Caterpillar (CAT) reported very strong earnings this morning, beating estimates quite handily. EPS of $1.71 compared to consensus of $1.57 (a 9% beat). As important, the company outlined an environment consistent with global growth persisting and a strong outlook for 2012. Caterpillar’s organic sales grew by 34% this quarter excluding the recent acquisition of Bucyrus. Caterpillar is a cyclical company, and overly sensitive to changes in the global economy. For perspective, in 2009, Caterpillar saw sales decline by 37%. Each of CAT’s business segments has what are called “trough plans” which are fire drills that prepare CAT in advance for sudden slowdowns in the global economy. This is a company and management team used to handling volatility in the global economy so they are well worth listening to during earnings season.
Caterpillar revised the rest of the year outlook higher (only one quarter to go) and provided preliminary expectations of 10-20% additional growth in 2012. If this growth comes about the company will earn over $9 in EPS and the shares are still only about 10x earnings in the pre-market. Caterpillar highlights low, yet positive growth in developed markets such as the US and Europe and looks for continued strong growth in developing markets around the world. The company did mention that end-market sales in China continue to run negative for machinery (this was the case last quarter) though CAT’s sales to dealers were positive. Since CAT has an optimistic outlook an important take-away on the conference call will be why they are quite confident despite some growth in Chinese dealer inventories.
Caterpillar’s results mirror the strength from Parker Hannifin (PH), released last week. Parker Hannifin is one of the world’s leading diversified industrial companies. Parker Hannifin has large businesses in motion control, aerospace, fluid power systems, electromechanical controls, air conditioning, industrial refrigeration and thermal products. Parker reported record third quarter earnings which grew about 20% vs. a year ago. Organic sales growth was +10% which contained 3% from FX and 1% from acquisitions. Parker Hannifin not only had strong sales but grew operating margins to new records of 16.1% with particular strength in the American industrial segment and aerospace.
Parker Hannifin’s CEO, Don Washkewicz, summed things up very nicely on the earnings conference call when discussing the global economy from an industrial company’s point of view:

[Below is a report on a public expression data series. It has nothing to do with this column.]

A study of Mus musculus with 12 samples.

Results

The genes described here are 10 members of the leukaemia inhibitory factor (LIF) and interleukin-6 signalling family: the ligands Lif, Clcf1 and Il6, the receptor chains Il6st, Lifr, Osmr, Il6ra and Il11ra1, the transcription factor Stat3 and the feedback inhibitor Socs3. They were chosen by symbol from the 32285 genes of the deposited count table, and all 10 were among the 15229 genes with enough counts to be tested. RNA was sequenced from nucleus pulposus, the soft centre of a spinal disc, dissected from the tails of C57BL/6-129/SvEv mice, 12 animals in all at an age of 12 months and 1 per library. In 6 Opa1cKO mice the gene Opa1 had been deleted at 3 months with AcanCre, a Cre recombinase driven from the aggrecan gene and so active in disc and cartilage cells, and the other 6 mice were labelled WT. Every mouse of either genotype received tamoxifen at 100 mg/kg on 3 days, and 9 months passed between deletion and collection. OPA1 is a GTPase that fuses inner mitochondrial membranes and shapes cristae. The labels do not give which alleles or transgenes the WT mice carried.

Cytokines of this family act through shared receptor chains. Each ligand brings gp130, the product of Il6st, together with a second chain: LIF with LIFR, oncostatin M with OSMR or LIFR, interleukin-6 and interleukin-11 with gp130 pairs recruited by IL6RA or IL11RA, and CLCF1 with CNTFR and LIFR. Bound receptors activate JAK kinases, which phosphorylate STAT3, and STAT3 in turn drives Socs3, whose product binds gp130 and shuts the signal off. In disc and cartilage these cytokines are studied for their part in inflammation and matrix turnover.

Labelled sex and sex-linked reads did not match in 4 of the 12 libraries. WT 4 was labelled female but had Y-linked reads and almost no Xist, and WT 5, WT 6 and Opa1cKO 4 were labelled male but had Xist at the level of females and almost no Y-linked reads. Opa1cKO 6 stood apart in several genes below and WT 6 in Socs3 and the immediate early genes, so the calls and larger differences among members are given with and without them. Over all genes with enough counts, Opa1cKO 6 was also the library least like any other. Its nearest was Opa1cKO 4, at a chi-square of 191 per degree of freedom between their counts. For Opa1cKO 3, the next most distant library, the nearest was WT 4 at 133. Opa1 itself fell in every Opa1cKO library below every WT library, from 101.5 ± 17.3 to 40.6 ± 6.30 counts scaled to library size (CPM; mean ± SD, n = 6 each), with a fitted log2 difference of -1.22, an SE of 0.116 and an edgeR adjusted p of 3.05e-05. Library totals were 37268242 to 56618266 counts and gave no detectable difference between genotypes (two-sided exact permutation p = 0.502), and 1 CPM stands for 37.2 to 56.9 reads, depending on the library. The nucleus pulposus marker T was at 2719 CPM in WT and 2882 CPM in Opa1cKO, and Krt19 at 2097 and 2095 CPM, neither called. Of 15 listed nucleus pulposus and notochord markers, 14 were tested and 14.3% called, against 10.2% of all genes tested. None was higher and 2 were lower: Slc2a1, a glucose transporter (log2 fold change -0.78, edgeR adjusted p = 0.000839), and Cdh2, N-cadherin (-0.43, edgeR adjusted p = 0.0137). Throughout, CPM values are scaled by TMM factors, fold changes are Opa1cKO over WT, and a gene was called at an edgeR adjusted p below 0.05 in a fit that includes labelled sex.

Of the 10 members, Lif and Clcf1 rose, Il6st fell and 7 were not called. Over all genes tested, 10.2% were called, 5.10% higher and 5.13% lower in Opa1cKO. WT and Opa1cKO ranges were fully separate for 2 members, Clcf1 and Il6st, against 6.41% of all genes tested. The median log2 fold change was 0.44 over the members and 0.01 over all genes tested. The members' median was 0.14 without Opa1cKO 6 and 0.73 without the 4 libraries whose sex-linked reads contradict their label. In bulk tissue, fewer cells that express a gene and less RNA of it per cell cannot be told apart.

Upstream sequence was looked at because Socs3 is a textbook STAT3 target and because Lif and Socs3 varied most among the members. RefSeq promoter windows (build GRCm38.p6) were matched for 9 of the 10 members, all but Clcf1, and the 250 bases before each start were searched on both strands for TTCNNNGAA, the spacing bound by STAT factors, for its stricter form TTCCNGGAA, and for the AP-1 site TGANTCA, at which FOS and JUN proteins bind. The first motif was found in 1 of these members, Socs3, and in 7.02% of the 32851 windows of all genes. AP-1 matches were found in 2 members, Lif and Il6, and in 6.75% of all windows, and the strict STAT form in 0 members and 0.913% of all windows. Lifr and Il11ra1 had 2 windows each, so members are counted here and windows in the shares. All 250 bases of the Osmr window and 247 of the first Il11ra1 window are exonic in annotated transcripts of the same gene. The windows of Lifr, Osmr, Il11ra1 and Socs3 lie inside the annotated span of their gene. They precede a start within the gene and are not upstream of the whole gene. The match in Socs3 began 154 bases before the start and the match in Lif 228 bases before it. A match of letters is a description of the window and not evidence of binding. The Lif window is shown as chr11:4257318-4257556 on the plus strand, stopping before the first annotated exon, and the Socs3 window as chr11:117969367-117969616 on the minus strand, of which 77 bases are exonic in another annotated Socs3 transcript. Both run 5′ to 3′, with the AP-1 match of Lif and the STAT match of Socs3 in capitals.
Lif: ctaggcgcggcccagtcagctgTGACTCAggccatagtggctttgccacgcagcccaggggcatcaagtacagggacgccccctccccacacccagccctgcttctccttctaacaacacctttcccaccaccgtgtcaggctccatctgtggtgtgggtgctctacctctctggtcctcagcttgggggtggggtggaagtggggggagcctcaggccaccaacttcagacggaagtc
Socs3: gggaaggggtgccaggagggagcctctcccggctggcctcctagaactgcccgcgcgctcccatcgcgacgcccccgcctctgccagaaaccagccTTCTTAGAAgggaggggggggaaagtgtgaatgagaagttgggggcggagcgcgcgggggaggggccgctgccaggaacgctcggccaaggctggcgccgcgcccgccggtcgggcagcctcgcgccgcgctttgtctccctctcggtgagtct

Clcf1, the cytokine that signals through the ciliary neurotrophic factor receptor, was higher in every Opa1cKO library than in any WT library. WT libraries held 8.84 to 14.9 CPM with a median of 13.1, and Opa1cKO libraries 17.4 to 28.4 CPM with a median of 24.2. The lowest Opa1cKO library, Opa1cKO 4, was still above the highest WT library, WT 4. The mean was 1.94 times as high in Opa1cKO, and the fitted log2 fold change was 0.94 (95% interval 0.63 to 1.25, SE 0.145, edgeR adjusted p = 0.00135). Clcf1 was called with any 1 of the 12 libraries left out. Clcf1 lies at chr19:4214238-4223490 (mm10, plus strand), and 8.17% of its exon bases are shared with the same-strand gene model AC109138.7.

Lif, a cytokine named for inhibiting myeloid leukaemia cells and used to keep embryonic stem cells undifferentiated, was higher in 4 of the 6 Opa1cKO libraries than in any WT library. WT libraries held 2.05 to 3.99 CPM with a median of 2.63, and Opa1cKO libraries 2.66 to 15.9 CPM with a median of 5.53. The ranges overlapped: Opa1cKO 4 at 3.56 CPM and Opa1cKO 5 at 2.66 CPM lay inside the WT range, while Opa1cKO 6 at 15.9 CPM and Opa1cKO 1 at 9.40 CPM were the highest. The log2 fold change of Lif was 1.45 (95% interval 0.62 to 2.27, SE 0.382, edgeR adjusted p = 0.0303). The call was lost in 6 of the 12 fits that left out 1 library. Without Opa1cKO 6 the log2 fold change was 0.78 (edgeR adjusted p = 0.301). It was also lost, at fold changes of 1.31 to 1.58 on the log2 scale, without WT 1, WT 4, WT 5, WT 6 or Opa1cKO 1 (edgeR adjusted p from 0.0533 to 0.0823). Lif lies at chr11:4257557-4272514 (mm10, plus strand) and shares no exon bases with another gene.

“Well, Europe is still doing fine. Asia, as you know, is trending down, and we anticipated that last quarter. But, again, when we talk about Asia going down and China in particular, we’re talking about from a 12% GDP down to maybe a 9% or 10% GDP. And we’ll see how long that sustains. Typically, what we’ve seen over there, it’s been a short-lived thing, and typically, activity picks up again. But even at 9% or 10%, we’re happy with those kind of numbers and we can deal with that. Incrementals over in Asia are a little bit lower than what we’d like to see, but keep in mind that we’re putting a lot of infrastructure in Asia to support future growth there. So I mean, both in India and China and elsewhere, we’ve got a lot of investment going on in Asia to participate in the high growth rates that we’re seeing from that region. Europe, kind of the same thing. What we see — it’s not the same thing, I shouldn’t say, as far as trends — Europe, if we look at the pressure curves in Europe, we would see strong 312s, which is indicative of what we’re going to see coming up here in the future month as far as the trend that’s the 1212. And the 1212 pressure curves, this would be last 12 months over the previous year, is hanging in there very strong. They’re both declining slightly, which can be expected for this part in the business cycle. But I would say right now, Europe looks very good for us. All of the major countries there, being Germany, France, the UK, Italy, are all looking good. So we’re not as concerned about the smaller countries. Of course, we want to see strength across the board, but the major ones are all doing very well and remain strong for us. So that’s the reason we’re pretty optimistic about Europe going forward. In spite of the fact that, of course, everybody has been reading the newspapers, and I’d just make one other comment — if we haven’t talked ourself into a double dip by now, we probably won’t, because we’ve been talking about it for the better part of two quarters here. Europe with the Greece problem and the debt problem hanging over us, and the $14 trillion debt in the United States, if we haven’t talked ourselves into it yet, I don’t think it’s probably going to happen anytime soon. So having said that, that’s the reason why we’re bullish going forward through the balance of our fiscal year. Hopefully, that helps you, Ann.”